Scott Brick has narrated more than 500 books. Along the way, he's been feted (with 40 Earphones Awards, PW's own Listen Up Awards, and an Audie Award) and challenged (Scandinavian pronunciation). He shares his enthusiasm for the industry and lets us in on his preparation process (horror movies help).
What drew you to audiobooks? How did you get your start?
There's no purer form of storytelling than audiobooks; it's just the narrator's voice and the listener's ear. I got my start when an old buddy of mine from UCLA got me an audition at Dove Audio, where he'd been working. Stefan Rudnicki was running it at the time and hired me for a few short stories. The day I went in to record them, Dan Musselman was leaving Dove Audio to become executive producer at Books on Tape. Stefan suggested to Dan that he listen to me in the studio before he left, Dan liked what he heard and gave me his card. Since then, of the 500 or so titles I've recorded, easily 300 have been for Books on Tape. I wonder every day what would have happened had I not met Dan that day. I owe that man my career.
Did anything in your background, aside from formal training, come in useful?
Other than my acting training, the thing that came in most handy was my passion for books. I know lots of people love books. I'm not unique there, but I was voracious in how I'd devour them. I'd set goals, challenge myself to see how much I could read. A hundred books a year was pretty much standard for me, and absorbing that many books, you tend to get an instinctive feel for how stories play out, their pacing, their resolution, character development, etc. That helps tremendously when narrating a book, because you really have to be aware of the ending of the story, even when you're narrating the beginning.
Can you tell us about any of your memorable—especially any particularly rewarding—recording experiences? What about any especially challenging or demanding ones?
I've had a number of times when authors got in touch with me to tell me they enjoyed my work, and I'm blessed to hear from listeners quite often who enjoy the books I do—that's easily the most rewarding aspect of narrating audiobooks. I've also had authors stop by and spend time with me in the booth, which is always terrific. And once I even had an author come by and ask if he could listen to the climactic scene of his novel, which we had just recorded. When I played it for him, he sat and listened to it for 20 minutes, and he just cried and cried. I was really blown away by that.
As for challenging experiences, I'd have to point to The Quantum Thief by Hannu Rajaniemi, which I just finished a few days ago. I'm a huge science fiction fan, and as always when working on SF, I try my darnedest to make certain I'm pronouncing the names exactly as the author intends. Well, in this case it was tough because Hannu is Finnish, and that's by no means a language I'm an expert with! But he was so giving of his time, we spent about an hour talking via Skype before I started recording, and he went over all of these words and phrases with me, which was invaluable. I can't describe how vital that was to the process of making the audiobook, because it would have been absolutely awful if it were left up to me to guess about how all of this stuff should have been pronounced. Still, I worried constantly as to whether or not I was pronouncing them well enough, because this is one of the best science fiction novels I've ever read, let alone narrated, and I wanted it to be done perfectly.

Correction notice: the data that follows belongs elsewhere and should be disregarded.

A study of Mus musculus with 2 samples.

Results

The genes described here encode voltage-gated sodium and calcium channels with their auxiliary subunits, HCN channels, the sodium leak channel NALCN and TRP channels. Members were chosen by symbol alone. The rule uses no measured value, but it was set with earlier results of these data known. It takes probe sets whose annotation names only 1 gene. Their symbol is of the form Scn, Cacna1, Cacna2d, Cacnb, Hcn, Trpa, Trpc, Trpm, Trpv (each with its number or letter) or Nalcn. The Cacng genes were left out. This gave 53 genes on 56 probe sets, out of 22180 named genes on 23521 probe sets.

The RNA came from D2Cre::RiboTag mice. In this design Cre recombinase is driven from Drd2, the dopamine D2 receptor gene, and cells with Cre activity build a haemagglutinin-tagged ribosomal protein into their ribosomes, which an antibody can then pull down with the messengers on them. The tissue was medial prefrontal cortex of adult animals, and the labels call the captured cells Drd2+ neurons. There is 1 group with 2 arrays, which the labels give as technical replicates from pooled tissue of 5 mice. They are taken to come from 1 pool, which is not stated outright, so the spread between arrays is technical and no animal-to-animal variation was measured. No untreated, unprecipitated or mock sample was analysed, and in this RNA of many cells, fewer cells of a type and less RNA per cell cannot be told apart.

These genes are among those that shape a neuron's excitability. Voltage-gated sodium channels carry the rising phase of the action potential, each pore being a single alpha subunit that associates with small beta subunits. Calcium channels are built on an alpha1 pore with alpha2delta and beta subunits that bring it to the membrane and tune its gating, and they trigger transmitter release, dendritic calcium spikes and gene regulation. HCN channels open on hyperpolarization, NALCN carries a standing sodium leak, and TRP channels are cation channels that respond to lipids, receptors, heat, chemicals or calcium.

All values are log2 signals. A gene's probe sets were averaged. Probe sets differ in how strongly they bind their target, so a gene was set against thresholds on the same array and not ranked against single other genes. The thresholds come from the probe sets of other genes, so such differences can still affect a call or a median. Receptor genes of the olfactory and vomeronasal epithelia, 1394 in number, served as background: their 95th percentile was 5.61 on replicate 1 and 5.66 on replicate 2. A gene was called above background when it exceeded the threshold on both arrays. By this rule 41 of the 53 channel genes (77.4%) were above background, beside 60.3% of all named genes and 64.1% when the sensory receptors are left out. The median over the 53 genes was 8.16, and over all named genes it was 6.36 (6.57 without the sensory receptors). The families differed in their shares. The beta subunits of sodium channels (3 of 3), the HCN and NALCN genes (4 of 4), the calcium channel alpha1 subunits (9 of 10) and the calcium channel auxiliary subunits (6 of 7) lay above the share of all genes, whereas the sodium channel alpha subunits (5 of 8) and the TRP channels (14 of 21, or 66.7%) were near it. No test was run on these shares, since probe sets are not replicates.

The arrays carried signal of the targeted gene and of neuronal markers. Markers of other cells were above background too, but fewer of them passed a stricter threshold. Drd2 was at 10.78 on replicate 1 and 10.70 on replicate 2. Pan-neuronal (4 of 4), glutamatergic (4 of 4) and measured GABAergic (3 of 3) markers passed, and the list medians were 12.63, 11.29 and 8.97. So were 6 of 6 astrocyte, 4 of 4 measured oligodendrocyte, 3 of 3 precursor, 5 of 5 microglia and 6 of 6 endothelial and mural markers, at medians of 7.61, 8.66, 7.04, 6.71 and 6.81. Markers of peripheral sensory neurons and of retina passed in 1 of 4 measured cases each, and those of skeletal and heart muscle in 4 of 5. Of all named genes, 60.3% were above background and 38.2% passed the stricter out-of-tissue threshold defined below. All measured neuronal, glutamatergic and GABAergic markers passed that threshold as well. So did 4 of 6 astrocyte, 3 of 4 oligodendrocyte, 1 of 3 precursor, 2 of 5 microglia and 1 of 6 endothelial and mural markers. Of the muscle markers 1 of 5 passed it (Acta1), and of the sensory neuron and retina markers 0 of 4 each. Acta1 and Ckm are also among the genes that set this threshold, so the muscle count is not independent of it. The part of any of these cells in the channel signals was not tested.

Do you have a dream project, a book you'd love to record?
I actually just recorded my dream project recently, The Chronicles of Thomas Covenant the Unbeliever by Stephen R. Donaldson. They were my favorite books of all time, and no one had ever recorded them, so I licensed them myself, sat down in my studio, and published them through my own imprint, Brick by Brick Audiobooks. I can't tell you what a thrill that was, talking to the author, somebody whose work I had revered for nearly 30 years. Truly a dream come true.
Whose work or narration abilities do you particularly admire? Why?
There are a number of narrators whose work I admire, so it's hard to pick just one. David Warner immediately comes to mind, because he doesn't do character voices, yet makes every one of them separate and distinct. He's so adept at subtle variations in pace and tone that you forget he isn't doing voices. I love his work, I could listen to him all day, every day. His narration of Alexander Perez-Reverte's The Club Dumas is one of the all-time great audiobook productions, in my opinion.
What do you do to prepare before going into the recording booth?
There's all sorts of research you can do while preparing the text, but one thing I try to make sure to do whenever possible is to prepare my mind, or perhaps I should say my mood, as well. While recording Richard Matheson's Stir of Echoes, a terrific horror novel, I knew I had to convey a powerful sense of being frightened, so the night before I started the book I watched the film. It's a really good, really scary film. After the first night of recording, I watched The Ring, then the next night, The Shining. I can't do that every time, but whenever possible, I really like to prepare that way. I figure if I can be scared, the listener will be too.